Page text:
The aircraft was quite unconventional in design, and its most striking feature was its powerplant, since it featured a primitive form of jet engine. This used an ordinary internal combustion engine to drive a compressor instead of a propellor. The compressed air was mixed with fuel and ignited in two combustion chambers before being exhausted along the sides of the aircraft. This was intended to provide a reactive force that would push the aircraft along.
Unfortunately during a ground test of the engine on December 16, 1910, Coanda was caught unaware by the power of the engine and found himself briefly airborne. He lost control of the machine, and it crashed, burning, to the ground. Coanda was thrown clear of the crash.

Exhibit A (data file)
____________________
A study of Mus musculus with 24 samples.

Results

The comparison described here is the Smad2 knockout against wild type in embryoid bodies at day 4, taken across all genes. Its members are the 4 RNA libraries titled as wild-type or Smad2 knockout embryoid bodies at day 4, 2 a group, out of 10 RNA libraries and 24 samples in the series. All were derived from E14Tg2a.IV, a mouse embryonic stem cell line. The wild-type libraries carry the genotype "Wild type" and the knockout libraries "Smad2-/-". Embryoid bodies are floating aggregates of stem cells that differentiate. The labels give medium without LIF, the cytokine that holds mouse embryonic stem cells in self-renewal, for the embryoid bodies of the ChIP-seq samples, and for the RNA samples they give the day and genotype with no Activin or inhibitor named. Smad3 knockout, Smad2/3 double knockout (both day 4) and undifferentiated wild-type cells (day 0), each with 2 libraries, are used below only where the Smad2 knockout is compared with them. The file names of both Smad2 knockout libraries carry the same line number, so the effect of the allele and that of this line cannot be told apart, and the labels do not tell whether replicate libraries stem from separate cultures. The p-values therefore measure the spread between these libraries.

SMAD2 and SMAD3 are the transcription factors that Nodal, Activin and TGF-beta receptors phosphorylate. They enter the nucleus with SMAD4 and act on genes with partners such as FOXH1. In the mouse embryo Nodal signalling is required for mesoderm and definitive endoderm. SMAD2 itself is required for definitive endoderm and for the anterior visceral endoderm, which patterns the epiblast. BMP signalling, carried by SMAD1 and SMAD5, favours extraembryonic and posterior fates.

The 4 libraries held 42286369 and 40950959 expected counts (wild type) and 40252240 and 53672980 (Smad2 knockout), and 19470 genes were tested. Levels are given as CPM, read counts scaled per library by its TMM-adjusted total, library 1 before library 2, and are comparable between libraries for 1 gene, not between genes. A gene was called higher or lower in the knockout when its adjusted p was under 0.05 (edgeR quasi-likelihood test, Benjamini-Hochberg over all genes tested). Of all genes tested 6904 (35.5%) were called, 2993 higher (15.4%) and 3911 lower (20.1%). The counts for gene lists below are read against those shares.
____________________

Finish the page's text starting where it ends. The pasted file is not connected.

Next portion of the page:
During the machine's short flight, Coanda was able to observe that the burning gasses from the engine seemed to hug the sides of the aircraft very closely and this is what seemed to cause the fire. He (and other scientists) spent many years researching this effect, which is now known as the Coanda Effect in his honour.
Coanda did not pursue this line of development of the jet engine. However, years later, the Italian Campini Caproni CC.2 aircraft would fly with a similar type of engine, and Japanese engineers would develop another such engine to power kamikaze aircraft. However, practical jet engines depended on the development of the gas turbine to become a reality.
Wing Area: 32.7 sq. m
Powerplant: Four-cylinder, In-line, Water-cooled engine developing 37.3kW at 1,000 rpm driving a compressor designed to produce a thrust of approx 2,000N.